I spent a good part of yesterday on the lonely and painstaking labor of re-vamping my novel. To decompress, I watched Mike Birbiglia’s new-ish film, “Don’t Think Twice”. The story centers around a tight-knit group of actors in a long-running Improv troupe called The Commune. They have a small but steady audience and seem to have built up a solid reputation. But when the ambitious, charismatic Jack gets plucked from the troupe to star in “This Weekend Live”, a Saturday Night Live-esque variety show, the group is thrown into turmoil. Seething professional jealousies are brought to the surface, and the actors are left to question their own artistic ambitions and life paths.
Interestingly, both Jack and his girlfriend Samantha are chosen to audition for the fame-making “This Weekend Live”, but Samantha never shows up for the audition. At first it’s difficult to understand why she blows this once-in-a-lifetime shot at fame, but later in film, it’s revealed that she simply doesn’t want it. She loves The Commune. She loves her troupe-mates. She’s happy performing for a small audience in a cozy venue. She doesn’t have any ambitions to become famous, or to fight for air time, or to compete in the cut-throat environment of “This Weekend Live”. As counter-intuitive as it is, I understood her decision. Why is what she chooses any less valuable artistically than Jack’s path? In fact, I would argue that in some ways, it’s more valuable, because Samantha retains her independence, while Jack quickly finds himself trapped in the corporate machinery of a big T.V. show.
Our society has a weird relationship with its artists. I’m not talking about big musical entertainers, famous movie stars, or that ilk. I’m talking about the working artists who quietly go about their business—the painters, actors, writers, illustrators, poets and sculptors who attend to their craft year after year, often around full-time jobs and other responsibilities. I’m also talking about the venues that support them--the scrappy community theaters, the hole-in-the-wall galleries that are barely keeping their heads above water, and the small publishers who are willing to take risks on unknown writers. None of these artists are likely to rise to fame, and they are certainly not going to get rich off of their work. But they carry on because they are deeply, passionately committed to the work that fulfills them.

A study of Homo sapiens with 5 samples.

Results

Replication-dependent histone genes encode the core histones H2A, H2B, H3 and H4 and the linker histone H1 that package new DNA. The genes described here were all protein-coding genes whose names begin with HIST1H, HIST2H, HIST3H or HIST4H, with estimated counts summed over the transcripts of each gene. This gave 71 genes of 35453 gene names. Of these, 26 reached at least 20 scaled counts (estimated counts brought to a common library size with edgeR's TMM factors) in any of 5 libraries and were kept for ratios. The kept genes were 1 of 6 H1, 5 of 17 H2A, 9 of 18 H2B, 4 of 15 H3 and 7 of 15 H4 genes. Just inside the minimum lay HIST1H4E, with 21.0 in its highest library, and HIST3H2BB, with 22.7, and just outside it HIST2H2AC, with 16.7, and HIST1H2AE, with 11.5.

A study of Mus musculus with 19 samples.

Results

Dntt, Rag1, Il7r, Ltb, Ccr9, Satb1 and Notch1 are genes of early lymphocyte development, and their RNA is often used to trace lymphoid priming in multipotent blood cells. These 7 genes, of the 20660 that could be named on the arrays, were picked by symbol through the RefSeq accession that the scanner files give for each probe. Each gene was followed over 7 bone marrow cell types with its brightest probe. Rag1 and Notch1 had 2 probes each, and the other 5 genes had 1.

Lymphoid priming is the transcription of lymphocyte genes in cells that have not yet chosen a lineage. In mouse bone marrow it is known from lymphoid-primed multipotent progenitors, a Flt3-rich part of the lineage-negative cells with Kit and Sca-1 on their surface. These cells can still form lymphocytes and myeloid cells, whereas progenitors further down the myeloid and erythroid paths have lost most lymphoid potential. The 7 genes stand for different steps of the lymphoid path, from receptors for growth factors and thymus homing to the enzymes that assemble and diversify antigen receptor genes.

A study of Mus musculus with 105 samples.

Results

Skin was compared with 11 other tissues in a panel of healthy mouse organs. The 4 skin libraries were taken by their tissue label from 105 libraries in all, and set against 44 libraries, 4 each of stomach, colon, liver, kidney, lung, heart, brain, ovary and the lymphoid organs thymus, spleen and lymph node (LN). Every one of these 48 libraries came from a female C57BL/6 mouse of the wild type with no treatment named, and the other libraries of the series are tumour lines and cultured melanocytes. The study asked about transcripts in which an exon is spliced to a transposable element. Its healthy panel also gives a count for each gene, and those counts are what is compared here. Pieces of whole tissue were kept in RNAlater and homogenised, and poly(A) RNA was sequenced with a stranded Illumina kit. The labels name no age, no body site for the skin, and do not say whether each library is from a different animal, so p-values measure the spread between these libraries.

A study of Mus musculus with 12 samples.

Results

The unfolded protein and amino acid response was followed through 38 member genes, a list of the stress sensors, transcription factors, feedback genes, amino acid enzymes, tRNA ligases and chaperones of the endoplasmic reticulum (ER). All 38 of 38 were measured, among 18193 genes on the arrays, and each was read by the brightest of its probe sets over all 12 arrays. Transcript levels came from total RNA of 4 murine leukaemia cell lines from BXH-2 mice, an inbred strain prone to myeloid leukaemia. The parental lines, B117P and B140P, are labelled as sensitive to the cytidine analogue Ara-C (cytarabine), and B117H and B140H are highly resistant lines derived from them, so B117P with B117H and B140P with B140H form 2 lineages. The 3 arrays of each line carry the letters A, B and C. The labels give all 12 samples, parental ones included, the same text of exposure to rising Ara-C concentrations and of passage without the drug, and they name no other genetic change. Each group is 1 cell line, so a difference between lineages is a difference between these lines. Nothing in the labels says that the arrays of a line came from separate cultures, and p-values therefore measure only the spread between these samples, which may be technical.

Our culture does not trust or understand these artists. We diminish them, belittle them and even mock them on a regular basis. We tell them that they are childish, that they are wasting their time, and that if they’re not famous and wealthy, they’re obviously not talented. We shut them down, scorn their voices, and look upon them as freaks and outcasts. We openly wonder why they don’t move to L.A. where the “real” artists are. We claim to value the presence of artists in our cities, but at the same time we make sure that artists can’t afford to live in them. We claim to value the arts in education, but arts funding is always the first to get cut. We claim to love live theater, but aren’t willing to shell out money for tickets. And to bring it to a more local level, as much as Seattle loves to wrap itself in the vainglorious notion that we value art, no one in Seattle actually buys any of it.
It takes a huge amount of commitment and passion to continue these pursuits in a culture that only values art if it “rises” to the level of entertainment, or if an artist has been deemed to have “made it.” The rest of us are left to labor on in lonely exile and savor every tiny success that comes our way. And labor on we will, because that’s how the vast majority of artists do their art. Most of us will never “make it”, but we keep at it anyway, because we aren’t doing what we do for fame or money, which is anathema in America. We push on because we love and believe in our work. So if you’re out there right now, laboring away and doubting yourself, just know that you’re not alone. Your passion matters, and your work matters. Keep going. The world needs your voice.